Glastonbury Festival has been ordered to pay a fine of £31,000 for an environmental incident at the 2014 event which saw 20,000 gallons of human waste pollute a nearby river.
As previously reported, a giant tank used to hold sewage from the toilets sprung a leak at Glastonbury 2014, seeping into Whitelake river and killing 42 fish, among them a number of protected brown trout.
Bristol magistrates court judge Simon Cooper yesterday fined promoter Glastonbury Festivals Ltd £12,000 and ordered it to pay £19,000 towards prosecution costs.
Cooper did, however, say that he was “satisfied that there was proper planning for the festival, and no criticism is made of that. There was a waste management plan, there was a rivers and streams management plan. I am impressed by how responsive Glastonbury Festivals Ltd have been.”
“This wasn’t really necessary. We should have been doing something else. We’re putting together the biggest show in the world in four weeks’ time”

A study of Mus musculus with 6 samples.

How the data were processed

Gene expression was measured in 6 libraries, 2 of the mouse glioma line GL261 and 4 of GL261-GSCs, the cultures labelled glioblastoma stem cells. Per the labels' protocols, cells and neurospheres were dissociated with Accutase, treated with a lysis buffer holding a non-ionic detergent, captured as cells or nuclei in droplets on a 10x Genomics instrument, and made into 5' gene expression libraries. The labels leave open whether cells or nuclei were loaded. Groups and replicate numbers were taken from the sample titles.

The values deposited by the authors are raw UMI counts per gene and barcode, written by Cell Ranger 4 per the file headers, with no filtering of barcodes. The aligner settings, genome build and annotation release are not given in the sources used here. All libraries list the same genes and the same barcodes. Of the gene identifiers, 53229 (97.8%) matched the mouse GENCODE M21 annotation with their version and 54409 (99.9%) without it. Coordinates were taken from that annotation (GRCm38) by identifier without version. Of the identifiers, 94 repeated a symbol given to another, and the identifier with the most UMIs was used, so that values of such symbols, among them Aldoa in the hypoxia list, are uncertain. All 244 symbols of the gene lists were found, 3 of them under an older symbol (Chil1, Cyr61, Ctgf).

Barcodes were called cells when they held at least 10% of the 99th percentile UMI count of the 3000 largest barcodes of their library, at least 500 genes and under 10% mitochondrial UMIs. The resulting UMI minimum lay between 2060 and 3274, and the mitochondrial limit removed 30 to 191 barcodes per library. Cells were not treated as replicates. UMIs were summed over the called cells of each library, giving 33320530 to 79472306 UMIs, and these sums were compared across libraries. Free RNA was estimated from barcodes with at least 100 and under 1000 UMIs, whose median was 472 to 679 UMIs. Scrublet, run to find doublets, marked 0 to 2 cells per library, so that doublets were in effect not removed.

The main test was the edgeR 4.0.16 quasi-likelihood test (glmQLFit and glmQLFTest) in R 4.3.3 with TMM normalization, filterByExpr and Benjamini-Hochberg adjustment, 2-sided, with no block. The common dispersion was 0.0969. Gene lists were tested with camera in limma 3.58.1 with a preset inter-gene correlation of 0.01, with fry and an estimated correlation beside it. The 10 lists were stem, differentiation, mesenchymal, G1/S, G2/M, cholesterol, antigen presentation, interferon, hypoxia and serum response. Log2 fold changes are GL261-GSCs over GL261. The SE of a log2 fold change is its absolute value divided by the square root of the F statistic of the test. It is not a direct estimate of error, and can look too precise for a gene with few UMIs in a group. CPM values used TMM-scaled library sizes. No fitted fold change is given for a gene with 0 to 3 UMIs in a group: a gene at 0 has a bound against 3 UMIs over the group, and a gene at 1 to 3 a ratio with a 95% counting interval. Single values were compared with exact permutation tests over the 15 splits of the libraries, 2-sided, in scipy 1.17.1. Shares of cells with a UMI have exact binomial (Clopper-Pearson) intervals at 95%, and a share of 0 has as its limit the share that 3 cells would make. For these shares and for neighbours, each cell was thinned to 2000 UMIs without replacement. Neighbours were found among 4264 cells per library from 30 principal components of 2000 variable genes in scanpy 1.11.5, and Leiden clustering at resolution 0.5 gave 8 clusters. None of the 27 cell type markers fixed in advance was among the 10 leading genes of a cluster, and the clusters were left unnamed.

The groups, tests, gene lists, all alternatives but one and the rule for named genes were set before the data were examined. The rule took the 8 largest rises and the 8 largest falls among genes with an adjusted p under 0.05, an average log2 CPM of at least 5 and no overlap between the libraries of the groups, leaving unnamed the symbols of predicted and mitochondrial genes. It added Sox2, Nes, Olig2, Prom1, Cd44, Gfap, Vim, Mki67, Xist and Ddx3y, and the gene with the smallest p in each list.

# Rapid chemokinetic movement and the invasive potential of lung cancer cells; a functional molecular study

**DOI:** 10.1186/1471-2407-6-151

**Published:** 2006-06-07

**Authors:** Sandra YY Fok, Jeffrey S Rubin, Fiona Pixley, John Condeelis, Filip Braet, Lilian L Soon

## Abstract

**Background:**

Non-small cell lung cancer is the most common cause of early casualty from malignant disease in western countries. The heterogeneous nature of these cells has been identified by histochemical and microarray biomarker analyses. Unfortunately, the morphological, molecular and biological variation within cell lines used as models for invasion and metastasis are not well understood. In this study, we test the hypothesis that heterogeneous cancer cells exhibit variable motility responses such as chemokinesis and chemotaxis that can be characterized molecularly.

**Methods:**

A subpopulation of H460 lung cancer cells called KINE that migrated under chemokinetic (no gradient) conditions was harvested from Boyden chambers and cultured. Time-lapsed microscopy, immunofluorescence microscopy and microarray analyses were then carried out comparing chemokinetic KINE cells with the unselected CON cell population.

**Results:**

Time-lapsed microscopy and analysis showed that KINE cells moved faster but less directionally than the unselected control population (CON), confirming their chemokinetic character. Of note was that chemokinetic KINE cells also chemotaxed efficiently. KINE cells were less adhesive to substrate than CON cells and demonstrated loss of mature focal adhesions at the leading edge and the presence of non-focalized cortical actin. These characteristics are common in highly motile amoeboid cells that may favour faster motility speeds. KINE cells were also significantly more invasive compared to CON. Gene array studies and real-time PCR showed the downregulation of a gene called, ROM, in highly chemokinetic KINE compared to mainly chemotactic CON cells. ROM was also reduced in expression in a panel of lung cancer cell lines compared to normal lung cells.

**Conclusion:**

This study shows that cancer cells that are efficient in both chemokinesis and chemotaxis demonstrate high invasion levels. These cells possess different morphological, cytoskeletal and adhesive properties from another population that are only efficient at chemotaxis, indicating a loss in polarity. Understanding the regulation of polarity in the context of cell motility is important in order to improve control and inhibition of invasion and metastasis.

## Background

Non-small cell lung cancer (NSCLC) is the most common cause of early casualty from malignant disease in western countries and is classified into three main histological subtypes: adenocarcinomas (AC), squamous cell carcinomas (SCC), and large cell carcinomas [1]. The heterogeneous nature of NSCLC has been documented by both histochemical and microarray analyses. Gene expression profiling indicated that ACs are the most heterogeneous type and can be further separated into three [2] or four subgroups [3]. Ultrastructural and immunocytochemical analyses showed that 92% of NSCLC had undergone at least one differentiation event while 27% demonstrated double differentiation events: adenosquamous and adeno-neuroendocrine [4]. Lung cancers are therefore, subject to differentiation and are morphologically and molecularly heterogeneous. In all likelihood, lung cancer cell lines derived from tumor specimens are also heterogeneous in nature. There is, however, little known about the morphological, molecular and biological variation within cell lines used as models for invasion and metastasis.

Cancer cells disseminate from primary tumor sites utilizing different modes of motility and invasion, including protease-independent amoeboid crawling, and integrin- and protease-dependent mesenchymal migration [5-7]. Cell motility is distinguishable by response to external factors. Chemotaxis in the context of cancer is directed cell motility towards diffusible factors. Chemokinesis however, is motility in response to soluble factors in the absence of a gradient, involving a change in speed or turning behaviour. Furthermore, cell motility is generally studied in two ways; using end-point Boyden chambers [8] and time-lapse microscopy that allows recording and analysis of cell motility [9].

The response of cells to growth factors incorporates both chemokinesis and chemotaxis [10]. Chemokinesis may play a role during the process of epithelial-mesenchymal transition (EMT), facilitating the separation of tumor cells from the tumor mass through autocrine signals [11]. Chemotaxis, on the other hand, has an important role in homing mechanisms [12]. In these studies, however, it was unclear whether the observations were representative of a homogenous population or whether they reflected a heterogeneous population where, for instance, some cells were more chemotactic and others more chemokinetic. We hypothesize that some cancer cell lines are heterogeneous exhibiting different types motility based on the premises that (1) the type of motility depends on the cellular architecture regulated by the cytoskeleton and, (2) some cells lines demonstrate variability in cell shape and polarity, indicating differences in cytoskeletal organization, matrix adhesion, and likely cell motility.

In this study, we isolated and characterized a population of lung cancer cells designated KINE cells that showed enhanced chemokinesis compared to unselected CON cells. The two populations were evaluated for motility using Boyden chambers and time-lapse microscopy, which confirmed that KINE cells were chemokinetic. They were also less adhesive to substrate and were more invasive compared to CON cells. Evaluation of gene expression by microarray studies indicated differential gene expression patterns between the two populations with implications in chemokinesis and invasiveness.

He concluded: “I am bemused at the vigour and energy that has been put into this detailed analysis of what happened, much after the event. I am sure lessons will be learned. I shall say no more about it, save to say that cooperation is clearly essential and I hope that this hearing has done nothing to affect that.”
Festival founder Michael Eavis said: “It’s a great result and I think we were listened to fairly. I don’t really think it was necessary to get this far. We pleaded guilty to make it easier for them yet they still wanted to pursue this case.
“I think it was a bit of a waste of time, to be honest with you. It wasn’t that serious a crime really. We did our very, very best when we found the leak – we really did all that we should have done within the timescale.
“This wasn’t really necessary. We should have been doing something else. We’re putting together the biggest show in the world in four weeks’ time.”